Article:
Acute uncomplicated cystitis is a lower UTI occurring in the absence of anatomic or functional abnormalities of the urinary tract or any other complicating factors.
Acute uncomplicated cystitis is mostly caused by bacteria, including E. coli (86%), S. saprophyticus (4%), Klebsiella species (3%), Proteus species (3%), Enterobacter species (1.4%), Citrobacter species (0.8%), and Enterococcus species (0.5%).
Disease course
Bacterial infection of the lower urinary tract results in acute uncomplicated cystitis, which causes classic symptoms of dysuria, frequent voiding of small volumes, and urinary urgency. Occasional hematuria and suprapubic discomfort may be present.
Prognosis and risk of recurrence
Acute uncomplicated cystitis is not associated with an increase in mortality.


Key sources

The following summarized guidelines for the evaluation and management of acute cystitis are prepared by our editorial team based on guidelines from the American Academy of Family Physicians (AAFP 2024), the European Association of Urology (EAU 2024), the American College of Obstetricians and Gynecologists (ACOG 2023), the Infectious Diseases Society of America (IDSA 2022,2016), the American College of Physicians (ACP ...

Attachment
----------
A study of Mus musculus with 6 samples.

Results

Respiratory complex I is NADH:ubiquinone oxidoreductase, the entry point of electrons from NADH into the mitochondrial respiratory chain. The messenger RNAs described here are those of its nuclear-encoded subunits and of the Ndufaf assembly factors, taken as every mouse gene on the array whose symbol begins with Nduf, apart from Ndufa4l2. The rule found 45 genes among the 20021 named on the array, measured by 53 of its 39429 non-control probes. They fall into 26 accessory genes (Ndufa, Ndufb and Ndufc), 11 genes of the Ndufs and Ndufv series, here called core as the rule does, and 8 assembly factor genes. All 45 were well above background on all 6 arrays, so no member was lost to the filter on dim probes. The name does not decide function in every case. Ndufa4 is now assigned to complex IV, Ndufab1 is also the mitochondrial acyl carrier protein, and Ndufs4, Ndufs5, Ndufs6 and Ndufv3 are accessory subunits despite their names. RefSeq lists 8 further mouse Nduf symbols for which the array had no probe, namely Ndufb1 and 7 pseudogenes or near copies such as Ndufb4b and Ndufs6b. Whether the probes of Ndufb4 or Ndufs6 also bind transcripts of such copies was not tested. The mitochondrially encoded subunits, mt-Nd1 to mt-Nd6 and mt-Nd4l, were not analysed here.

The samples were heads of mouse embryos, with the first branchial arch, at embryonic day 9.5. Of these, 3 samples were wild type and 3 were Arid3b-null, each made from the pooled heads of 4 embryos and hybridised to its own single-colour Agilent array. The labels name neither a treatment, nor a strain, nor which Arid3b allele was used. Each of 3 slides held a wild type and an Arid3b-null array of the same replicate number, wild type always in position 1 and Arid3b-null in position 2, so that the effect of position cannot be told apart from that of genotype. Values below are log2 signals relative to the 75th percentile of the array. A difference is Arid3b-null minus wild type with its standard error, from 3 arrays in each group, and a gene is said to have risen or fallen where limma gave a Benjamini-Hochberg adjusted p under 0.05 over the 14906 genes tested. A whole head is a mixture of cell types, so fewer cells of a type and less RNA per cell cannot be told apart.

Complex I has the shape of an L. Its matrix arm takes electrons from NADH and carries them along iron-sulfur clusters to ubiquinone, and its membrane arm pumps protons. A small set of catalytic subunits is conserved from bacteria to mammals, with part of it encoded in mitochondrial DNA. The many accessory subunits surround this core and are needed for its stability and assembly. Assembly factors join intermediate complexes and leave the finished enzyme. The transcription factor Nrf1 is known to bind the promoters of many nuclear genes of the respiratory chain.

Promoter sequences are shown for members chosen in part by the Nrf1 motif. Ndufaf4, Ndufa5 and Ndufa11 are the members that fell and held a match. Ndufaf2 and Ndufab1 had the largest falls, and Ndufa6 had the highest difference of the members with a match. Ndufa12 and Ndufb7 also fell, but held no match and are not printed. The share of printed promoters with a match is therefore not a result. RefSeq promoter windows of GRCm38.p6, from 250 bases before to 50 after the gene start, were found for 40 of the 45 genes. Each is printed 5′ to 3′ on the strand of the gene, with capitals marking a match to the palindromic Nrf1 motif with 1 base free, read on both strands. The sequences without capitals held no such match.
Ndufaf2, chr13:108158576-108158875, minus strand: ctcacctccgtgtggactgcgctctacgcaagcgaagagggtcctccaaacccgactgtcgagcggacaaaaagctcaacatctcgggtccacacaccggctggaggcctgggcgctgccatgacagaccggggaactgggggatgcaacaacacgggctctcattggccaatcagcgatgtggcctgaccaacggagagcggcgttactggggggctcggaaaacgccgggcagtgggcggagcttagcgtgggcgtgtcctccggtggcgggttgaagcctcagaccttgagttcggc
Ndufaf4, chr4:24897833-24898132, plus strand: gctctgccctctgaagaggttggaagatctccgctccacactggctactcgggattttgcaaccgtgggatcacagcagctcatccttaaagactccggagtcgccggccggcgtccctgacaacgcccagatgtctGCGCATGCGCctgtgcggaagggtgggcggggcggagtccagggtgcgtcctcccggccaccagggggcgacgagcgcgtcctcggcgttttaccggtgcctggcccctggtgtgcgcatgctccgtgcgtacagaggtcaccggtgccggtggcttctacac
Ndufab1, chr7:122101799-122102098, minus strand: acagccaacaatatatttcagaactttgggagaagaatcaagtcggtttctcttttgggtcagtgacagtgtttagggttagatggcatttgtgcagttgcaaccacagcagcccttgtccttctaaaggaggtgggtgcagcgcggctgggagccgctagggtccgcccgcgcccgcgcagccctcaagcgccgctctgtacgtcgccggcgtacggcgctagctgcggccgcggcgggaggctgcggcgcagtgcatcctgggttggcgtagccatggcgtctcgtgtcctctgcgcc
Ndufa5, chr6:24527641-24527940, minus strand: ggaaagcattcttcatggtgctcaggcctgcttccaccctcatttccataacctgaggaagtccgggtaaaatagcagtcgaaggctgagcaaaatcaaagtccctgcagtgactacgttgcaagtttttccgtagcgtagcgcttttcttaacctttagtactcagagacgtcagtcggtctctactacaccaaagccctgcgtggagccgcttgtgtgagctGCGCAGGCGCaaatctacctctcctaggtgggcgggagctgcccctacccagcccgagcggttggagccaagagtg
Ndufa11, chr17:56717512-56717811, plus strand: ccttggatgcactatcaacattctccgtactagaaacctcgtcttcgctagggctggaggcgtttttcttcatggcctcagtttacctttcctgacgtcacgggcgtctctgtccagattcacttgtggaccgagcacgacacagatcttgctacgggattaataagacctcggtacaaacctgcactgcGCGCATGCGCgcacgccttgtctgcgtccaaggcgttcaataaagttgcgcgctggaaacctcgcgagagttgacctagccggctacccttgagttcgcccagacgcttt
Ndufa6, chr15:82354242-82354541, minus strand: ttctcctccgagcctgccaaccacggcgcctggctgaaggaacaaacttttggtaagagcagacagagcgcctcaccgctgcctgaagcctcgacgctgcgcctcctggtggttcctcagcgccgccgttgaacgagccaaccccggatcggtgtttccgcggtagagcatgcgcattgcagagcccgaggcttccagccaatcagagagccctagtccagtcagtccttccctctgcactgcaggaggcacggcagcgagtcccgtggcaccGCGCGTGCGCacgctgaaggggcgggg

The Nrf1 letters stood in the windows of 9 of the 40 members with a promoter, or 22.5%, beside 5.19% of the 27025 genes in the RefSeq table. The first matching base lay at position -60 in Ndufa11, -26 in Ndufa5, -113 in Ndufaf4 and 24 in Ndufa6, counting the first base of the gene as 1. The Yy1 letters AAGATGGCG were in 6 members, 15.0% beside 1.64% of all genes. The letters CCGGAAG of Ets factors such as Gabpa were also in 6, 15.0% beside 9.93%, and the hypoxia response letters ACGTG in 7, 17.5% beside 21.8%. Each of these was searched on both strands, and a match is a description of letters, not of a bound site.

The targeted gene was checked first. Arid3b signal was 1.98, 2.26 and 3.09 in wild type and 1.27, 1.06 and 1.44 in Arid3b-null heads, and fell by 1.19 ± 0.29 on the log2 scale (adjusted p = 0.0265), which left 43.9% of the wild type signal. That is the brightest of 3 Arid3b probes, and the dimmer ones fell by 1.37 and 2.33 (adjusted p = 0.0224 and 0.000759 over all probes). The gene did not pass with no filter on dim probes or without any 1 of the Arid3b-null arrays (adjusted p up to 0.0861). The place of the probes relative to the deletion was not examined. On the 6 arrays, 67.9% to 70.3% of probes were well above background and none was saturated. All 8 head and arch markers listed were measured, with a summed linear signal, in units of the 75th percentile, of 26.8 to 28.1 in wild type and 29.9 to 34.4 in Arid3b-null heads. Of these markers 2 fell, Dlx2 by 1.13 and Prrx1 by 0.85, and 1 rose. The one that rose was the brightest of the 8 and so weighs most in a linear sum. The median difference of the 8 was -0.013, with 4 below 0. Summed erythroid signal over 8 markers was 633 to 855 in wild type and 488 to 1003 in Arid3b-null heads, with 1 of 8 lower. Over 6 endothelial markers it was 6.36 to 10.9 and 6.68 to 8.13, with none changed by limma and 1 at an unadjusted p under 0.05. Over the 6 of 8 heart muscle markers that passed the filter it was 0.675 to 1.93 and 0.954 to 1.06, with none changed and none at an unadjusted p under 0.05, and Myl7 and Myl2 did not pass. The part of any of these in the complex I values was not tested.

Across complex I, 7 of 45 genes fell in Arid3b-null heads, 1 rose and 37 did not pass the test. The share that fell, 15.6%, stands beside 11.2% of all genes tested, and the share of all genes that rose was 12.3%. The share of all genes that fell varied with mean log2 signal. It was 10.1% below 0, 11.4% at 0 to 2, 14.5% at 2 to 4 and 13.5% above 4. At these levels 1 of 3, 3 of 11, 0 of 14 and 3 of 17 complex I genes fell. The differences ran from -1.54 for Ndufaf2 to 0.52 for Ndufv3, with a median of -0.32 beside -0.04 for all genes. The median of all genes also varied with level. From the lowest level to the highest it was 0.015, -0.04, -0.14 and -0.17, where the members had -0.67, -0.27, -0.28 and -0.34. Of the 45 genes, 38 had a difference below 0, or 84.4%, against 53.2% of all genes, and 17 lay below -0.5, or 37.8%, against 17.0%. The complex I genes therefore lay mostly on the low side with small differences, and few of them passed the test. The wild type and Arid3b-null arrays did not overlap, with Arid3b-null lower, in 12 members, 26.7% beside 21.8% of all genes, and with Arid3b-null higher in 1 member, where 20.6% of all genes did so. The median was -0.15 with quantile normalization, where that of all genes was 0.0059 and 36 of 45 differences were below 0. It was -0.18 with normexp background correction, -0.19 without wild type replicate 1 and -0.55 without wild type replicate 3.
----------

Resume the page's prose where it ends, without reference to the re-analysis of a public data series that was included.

As per GUS 2018 guidelines:
Recognize that the most common cause of uncomplicated UTIs is E. coli, followed by S. saprophyticus, K. pneumoniae, and P. mirabilis. Recognize that other pathogens are rare.
Recognize that Enterococci are most commonly found in mixed infections, therefore, their pathogenicity is uncertain in uncomplicated UTIs.

  • Differential diagnosis

Classification and risk stratification

Severity assessment: as per GUS 2018 guidelines, use the Acute Cystitis Symptom Score to assess the severity of symptoms, the course of the disease over time, and the effect of therapy.

Diagnostic investigations

History and physical examination: as per GUS 2018 guidelines, obtain a symptom-related medical examination with clinical examination in the first presentation of acute UTI or if the patient is unknown to the physician.


  • Urine culture

  • Urethrocystoscopy

  • Diagnostic imaging

Medical management

Antibiotic therapy, general principles: as per AAFP 2024 guidelines, consider prescribing a backup antibiotic (to be filled if symptoms do not improve within 48-72 hours or worsen at any time) in female patients with no signs of pyelonephritis or complicated infection not wishing to take antibiotics.


  • Antibiotic therapy (second-line therapy)

  • Symptomatic management

Nonpharmacologic interventions

Fluid intake: as per AAFP 2024 guidelines, advise drinking at least 1.5 L of fluids daily in patients with a UTI.

Specific circumstances

Pregnant patients, evaluation: as per EAU 2024 guidelines, obtain urine culture in pregnant patients with suspected acute cystitis.


  • Patients with antimicrobial-resistant UTI

  • Patients with Candida UTI

Preventative measures

Periprocedural antibiotic prophylaxis: as per EAU 2024 guidelines, do not use antibiotic prophylaxis to reduce the rate of symptomatic urinary infection following urodynamics, cystoscopy, or extracorporeal shockwave lithotripsy.

Post-treatment surveillance: as per SEIMC 2017 guidelines, do not obtain routine post-treatment cultures in asymptomatic female patients following treatment for cystitis.